Poll: Joint Herzog-Livni list could outscore Likud

Poll: Joint Herzog-Livni list could outscore Likud

Combined Labor-Hatnua could win 23 seats, compared to 21 for Likud 21, but separately would dip below Netanyahu’s party

Marissa Newman is The Times of Israel political correspondent.

Hatnua head Tzipi Livni and leader of the opposition Isaac Herzog at the Knesset on November 12, 2014. (Photo credit: Miriam Alster/FLASH90)
Hatnua head Tzipi Livni and leader of the opposition Isaac Herzog at the Knesset on November 12, 2014. (Photo credit: Miriam Alster/FLASH90)

A poll aired on the Knesset Channel on Monday showed that a center-left alliance of Isaac Herzog’s Labor and Tzipi Livni’s Hatnua could garner more votes than Likud in the next elections.

According to the poll, a joint Herzog-Livni list would receive 23 seats, compared to Likud’s 21. If the two ran separately, Hatnua would not pass the electoral threshold and Labor would only receive 17 seats.

If the two ran together, the poll further showed, the right-wing Jewish Home party would be the third-largest party with 18 seats. Yisrael Beytenu, Yesh Atid, and ex-Likud minister Moshe Kahlon’s unnamed party would snag nine seats apiece. The ultra-Orthodox United Torah Judaism would get eight seats, Shas would receive seven, and the left-wing Meretz would receive six. The Arab party Ra’am Ta’al and left-wing Hadash party were pegged to receive five seats apiece, whereas the Arab Balad party would not pass the threshold.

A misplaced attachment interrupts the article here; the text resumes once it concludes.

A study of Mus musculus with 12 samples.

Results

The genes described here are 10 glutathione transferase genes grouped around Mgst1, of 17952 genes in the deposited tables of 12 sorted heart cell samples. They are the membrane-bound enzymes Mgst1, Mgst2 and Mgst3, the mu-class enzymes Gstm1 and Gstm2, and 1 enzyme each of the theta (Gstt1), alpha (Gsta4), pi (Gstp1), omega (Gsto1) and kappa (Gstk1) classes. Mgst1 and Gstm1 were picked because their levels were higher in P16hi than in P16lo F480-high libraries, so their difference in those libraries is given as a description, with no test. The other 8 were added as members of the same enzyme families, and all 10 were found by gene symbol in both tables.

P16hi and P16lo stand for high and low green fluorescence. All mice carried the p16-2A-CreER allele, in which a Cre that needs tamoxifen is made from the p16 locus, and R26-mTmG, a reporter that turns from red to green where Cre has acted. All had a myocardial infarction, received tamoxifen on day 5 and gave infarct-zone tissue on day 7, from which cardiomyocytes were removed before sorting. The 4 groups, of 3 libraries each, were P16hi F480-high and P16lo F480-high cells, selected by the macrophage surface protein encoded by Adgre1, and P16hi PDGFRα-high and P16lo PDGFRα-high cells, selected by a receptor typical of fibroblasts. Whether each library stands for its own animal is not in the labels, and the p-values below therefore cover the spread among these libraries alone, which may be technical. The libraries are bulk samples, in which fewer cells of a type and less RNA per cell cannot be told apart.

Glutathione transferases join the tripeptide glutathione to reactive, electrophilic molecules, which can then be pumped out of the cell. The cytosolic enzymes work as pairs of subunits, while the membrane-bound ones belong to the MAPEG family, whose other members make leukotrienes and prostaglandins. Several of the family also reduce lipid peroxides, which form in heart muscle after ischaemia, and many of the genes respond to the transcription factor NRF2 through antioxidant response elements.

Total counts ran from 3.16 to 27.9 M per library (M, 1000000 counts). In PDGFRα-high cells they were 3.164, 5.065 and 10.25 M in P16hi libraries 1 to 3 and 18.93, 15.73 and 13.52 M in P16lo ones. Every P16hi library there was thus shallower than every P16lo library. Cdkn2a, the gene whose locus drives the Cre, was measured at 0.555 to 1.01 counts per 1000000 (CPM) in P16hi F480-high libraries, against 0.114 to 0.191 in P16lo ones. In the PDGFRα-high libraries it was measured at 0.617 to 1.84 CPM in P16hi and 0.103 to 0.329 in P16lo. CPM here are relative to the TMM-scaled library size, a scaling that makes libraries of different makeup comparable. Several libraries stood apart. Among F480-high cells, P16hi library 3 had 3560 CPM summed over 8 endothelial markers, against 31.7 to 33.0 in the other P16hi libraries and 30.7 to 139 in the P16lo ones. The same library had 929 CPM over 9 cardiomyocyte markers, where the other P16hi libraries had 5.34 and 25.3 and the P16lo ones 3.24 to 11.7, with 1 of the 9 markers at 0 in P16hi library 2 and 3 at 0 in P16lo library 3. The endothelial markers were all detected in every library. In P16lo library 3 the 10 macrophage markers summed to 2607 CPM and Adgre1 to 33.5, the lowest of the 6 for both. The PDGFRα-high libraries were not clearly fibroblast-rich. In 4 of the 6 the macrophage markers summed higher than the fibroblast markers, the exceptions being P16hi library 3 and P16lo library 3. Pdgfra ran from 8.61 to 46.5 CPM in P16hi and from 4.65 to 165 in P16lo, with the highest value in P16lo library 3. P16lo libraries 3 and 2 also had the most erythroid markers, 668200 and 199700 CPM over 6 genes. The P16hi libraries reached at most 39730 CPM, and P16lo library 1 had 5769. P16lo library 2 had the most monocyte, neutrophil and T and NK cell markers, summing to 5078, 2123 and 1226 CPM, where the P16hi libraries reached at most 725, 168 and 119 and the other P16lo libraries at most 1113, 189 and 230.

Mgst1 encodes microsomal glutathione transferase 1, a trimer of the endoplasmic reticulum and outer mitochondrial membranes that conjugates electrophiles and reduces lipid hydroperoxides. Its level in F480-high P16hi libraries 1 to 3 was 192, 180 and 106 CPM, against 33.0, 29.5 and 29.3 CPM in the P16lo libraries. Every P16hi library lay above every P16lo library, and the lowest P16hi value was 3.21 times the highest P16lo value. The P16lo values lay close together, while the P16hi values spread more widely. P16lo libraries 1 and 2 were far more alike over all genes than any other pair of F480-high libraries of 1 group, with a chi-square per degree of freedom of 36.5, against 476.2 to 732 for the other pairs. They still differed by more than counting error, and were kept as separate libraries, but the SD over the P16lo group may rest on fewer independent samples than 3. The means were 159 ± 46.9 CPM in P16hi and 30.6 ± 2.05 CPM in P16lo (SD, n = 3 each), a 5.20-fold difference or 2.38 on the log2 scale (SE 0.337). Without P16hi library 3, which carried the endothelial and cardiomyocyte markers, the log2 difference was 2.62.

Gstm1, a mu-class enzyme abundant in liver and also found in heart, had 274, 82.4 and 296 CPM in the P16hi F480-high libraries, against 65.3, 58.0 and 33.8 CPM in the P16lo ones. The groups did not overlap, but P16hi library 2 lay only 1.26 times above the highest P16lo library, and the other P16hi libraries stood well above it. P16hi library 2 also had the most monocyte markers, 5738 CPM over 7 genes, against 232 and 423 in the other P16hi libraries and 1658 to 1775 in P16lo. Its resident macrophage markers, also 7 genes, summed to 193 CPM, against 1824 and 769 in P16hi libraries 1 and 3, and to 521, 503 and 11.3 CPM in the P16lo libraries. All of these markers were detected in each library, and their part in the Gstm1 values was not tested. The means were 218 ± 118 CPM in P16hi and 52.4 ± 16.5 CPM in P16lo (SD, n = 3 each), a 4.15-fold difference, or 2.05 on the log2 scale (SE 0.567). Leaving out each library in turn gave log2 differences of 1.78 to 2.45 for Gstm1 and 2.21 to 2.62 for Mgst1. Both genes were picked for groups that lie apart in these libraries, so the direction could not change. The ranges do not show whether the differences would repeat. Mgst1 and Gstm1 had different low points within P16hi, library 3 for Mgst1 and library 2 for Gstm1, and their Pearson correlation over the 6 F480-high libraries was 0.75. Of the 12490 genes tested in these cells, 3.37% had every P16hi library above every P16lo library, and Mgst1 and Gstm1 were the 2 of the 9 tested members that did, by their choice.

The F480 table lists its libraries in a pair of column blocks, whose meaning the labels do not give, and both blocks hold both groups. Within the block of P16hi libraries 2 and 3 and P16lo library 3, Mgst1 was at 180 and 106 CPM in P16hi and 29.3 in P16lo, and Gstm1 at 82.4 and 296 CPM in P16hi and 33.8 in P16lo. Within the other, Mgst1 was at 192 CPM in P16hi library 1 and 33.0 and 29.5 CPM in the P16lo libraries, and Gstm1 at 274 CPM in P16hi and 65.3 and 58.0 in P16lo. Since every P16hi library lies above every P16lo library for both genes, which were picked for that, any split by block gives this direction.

If Labor and Hatnua did not merge, the poll showed, Likud still received 21 seats, followed by Labor’s 17. The remaining seats were divided among Yesh Atid (12), Yisrael Beytenu (10), Kahlon (10), and Meretz (seven). The Jewish Home, ultra-Orthodox and Arab parties would be unaffected.

The PanelsPolitics survey had a sample size of 500 respondents, with a margin of error of 4.5%.

Prime Minister Benjamin Netanyahu’s ratings continued to dip, though he still remained the leading candidate for prime minister. Twenty-six percent of participants said he was the most suitable candidate, 15% said Herzog, and 11% said Economy Minister Naftali Bennett.

Speaking at a Labor faction meeting on Monday, Herzog said: “The Labor party is returning to be the ruling party.”

“We will do this, in part, by leading a large centrist bloc — which means a large Labor party,” he said. “It’s clear to all of us that we have the best interests of the state in mind, and we aspire to lead it in a completely different direction than the way it has been led in the past few years.”

Addressing her own faction meeting, Livni said the elections present “an opportunity to replace the prime minister, to create a new government.”

On Saturday, Livni confirmed that her party was on the verge of sealing a deal to merge with Herzog’s Labor ahead of the March 2015 elections, asserting that such an alliance would offer Israeli voters a viable alternative to Netanyahu and Likud. Herzog declared over the weekend that he would become Israel’s next prime minister by leading a centrist bloc that would defeat Netanyahu.

However, the former justice minister was to meet with Yair Lapid on Monday to discuss a possible alliance with Yesh Atid.

Despite the reports of an imminent deal between Herzog and Livni, Yesh Atid sources told Israel Radio the pact was not finalized.

Lapid is said to have proposed giving Livni and her colleagues in Hatnua four spots on his party’s list. Yesh Atid is also reportedly considering a partnership with former Likud MK Moshe Kahlon’s as yet unnamed faction, which according to early polls, is expected to be popular.

Earlier Monday, Lapid vowed: “Yesh Atid will lead the center bloc.”

Times of Israel staff contributed to this report.